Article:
A burlesque emcee and game show host is nothing I ever would have imagined being, before, oh, six years ago. Now it's an integral part of who I am, and I love doing it. It also happens to fit into my skill set, my education to do my actual day job, and my natural comfort in front of groups and being, well, the center of attention. There's a little debate going on on Facebook about a burlesque emcee in another city (who, I don't know) who made some bad decisions about the kind of jokes and terminology she thought was appropriate, and revealed a key element of a performer's upcoming act IN HER INTRO. I responded to that thread with what I think are the three key jobs of an emcee, and I put them forth here as well:
1. Teach the audience how to act during the show and encourage their enthusiasm
2. Keep the show flowing smoothly no matter what happens
3. Make the performers feel supported and comfortable to do what they need to do with minimal stress
Those aren't exactly rocket science. But I've seen plenty of hosts get that balance wrong. And needless to say, SO many get them right. I've been very, very lucky to learn to do what I do in NYC, where there are so many fabulous hosts of all kinds, as well as being exposed to the best from around the country during Burlesque Hall of Fame Weekend and other events.
I treat hosting a show as if I'm the biggest fan in the crowd that night. Which I sometimes am. You CANNOT be belligerent or alienate the audience. They HAVE to be in on the joke. They paid to be there, and they're paying you. That doesn't mean that you CAN'T have plenty of good-natured fun with them; you can give an audience member shit if they seem to be able to take it, you can be foul-mouthed and have an attitude, just don't get mean-spirited about it. It's supposed to be fun, for God's sake. (I could give plenty of examples of how beautifully this balance can be struck, but I don't want to leave anyone out, and you know most of them already if you're reading this--or you should! Ok, one example. Miss Astrid.)
And you can totally call out somebody texting or not shutting the fuck up in the back--that benefits everyone, audience and performers included. Just don't berate the WHOLE audience. And remember, it's not their fault if there aren't a lot of them there, don't remind a crowd that it's small: make them feel like they're the lucky ones who made the right decision to come out that night and give you their money.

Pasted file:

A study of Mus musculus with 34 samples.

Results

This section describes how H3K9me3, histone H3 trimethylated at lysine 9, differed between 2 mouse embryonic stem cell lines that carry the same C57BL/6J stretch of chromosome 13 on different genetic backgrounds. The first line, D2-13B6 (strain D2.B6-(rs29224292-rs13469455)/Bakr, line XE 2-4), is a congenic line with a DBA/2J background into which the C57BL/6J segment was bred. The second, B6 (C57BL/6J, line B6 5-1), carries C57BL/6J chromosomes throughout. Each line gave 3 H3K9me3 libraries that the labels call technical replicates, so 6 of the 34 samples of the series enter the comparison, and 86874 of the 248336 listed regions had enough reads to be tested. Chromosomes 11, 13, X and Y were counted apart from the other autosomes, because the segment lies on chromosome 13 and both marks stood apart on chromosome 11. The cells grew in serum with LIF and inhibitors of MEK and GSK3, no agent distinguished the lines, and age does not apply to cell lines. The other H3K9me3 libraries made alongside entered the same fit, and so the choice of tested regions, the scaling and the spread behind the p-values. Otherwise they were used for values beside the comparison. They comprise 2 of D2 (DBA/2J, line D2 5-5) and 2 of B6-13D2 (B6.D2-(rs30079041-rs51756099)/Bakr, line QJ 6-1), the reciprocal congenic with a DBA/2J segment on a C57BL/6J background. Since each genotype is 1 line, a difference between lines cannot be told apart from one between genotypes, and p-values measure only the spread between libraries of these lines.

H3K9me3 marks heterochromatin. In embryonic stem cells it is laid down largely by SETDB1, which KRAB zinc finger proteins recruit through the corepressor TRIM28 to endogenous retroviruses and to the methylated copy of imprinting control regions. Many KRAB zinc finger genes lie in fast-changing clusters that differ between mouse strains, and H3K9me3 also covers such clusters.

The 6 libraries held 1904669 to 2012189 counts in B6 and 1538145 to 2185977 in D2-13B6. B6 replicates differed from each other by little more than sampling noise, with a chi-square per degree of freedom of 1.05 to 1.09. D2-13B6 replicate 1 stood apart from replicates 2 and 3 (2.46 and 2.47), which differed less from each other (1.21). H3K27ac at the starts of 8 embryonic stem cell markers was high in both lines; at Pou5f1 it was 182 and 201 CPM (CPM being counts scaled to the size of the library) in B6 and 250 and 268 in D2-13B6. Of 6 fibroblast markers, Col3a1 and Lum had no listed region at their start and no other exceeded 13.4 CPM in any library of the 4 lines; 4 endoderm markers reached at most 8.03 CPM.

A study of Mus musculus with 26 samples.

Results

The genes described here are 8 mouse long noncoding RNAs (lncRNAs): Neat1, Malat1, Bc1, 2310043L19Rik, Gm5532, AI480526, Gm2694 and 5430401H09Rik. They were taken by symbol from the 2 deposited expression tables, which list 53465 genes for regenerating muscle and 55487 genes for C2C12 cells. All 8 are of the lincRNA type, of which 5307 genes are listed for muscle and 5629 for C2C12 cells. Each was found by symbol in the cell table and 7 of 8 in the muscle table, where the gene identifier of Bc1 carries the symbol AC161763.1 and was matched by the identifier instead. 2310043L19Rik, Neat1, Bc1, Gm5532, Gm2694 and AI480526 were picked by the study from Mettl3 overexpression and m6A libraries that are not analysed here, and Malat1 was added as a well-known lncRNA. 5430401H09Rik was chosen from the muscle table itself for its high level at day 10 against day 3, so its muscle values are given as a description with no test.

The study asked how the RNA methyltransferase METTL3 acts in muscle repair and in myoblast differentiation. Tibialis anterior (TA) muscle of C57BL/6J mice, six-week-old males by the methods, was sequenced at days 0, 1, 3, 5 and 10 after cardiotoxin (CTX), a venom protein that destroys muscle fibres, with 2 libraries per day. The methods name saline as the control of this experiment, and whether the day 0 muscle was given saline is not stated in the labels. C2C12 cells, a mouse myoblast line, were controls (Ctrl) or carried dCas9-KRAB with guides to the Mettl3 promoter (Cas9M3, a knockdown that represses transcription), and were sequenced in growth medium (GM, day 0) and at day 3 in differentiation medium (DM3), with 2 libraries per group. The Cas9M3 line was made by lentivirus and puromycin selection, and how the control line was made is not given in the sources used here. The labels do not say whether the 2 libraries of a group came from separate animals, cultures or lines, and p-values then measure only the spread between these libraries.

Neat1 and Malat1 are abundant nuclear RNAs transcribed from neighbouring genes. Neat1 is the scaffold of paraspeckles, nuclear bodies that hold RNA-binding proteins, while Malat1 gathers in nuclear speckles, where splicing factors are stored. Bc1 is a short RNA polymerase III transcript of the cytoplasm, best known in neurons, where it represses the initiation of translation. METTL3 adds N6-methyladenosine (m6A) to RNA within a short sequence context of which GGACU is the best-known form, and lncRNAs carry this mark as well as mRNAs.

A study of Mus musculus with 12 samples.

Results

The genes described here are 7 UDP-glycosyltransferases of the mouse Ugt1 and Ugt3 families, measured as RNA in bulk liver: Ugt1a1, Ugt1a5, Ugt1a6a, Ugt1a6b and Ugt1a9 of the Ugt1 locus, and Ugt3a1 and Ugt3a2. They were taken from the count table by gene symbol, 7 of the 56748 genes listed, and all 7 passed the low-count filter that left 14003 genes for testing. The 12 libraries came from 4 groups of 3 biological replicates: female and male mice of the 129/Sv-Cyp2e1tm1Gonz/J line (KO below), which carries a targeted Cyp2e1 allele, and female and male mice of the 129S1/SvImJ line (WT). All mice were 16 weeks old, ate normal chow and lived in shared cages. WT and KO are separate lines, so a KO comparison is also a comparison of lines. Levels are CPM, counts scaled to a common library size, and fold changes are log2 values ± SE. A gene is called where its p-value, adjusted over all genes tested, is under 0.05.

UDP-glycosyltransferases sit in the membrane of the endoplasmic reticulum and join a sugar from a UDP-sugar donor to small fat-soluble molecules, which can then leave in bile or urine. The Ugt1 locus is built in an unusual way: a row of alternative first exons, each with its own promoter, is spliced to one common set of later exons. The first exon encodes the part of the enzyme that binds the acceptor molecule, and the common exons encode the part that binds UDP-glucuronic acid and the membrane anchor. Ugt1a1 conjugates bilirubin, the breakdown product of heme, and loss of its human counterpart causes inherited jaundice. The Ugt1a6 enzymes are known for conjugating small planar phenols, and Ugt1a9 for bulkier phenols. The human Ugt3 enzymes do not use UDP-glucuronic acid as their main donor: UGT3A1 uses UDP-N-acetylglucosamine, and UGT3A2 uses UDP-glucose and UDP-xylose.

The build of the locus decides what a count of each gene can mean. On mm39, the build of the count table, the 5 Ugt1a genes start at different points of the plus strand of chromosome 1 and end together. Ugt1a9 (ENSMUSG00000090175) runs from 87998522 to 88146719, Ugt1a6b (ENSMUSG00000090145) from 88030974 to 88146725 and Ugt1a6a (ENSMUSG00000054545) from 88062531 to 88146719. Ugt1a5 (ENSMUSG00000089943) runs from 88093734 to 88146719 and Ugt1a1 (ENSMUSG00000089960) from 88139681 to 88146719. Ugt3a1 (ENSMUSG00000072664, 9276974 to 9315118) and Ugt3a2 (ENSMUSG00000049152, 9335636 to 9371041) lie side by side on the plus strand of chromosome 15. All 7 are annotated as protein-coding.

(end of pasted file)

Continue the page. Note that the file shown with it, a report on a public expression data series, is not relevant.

There are certainly lots of additional jobs/roles/needs that a host needs to fulfill, and while I'm talking about burlesque in particular, I think most of them apply to anyone on the mike hosting a show of the variety/comedy/cabaret/sideshow realm.
Along with the jobs, I think there are three key RULES to being an emcee as well.
1. Be original.
2. Know your audience.
3. It's not about you.
Everybody learns from others and there are plenty of formulas in every show that all hosts have to include ("How many of you have never been to a burlesque show before?"), but figure out your own way of doing them, dammit. And know whether the crowd, the venue and the time of night at the specific show, where you're about to step behind the mike, is the right place to get really raunchy, to keep it classy and erudite, or, you know, some mix of the two. And I include the performers and producers in "audience" here; don't surprise them with an intro that they're going to hate or makes them feel uncomfortable--that doesn't mean you can't be dirty. They should just know what they're getting into with you. And while I love being in the spotlight, and all hosts love their moment to shine with their own shtick (whether it's singing, magic, sword-swallowing or audience participation games, like I do), the most important thing is that the emcee is there to serve the SHOW, not themselves.
I am definitely not making myself out to be King of Hosts. I feel like I've been doing it long enough to have learned all of these lessons either through lots of observation of other hosts that I both respect and admire, and also some I hope I never see again. (and some good hosts having a bad night, too--I've certainly had those.) And I've learned plenty of them through my own mistakes. In the end, I do think that hosting is a skill just like every other kind of performer we share the stage with--not everyone can do it. And go see tons of them before you get behind the mike yourself, that's what I did.
Sorry, that's long-winded. I promise my next post will be some funny shit on YouTube.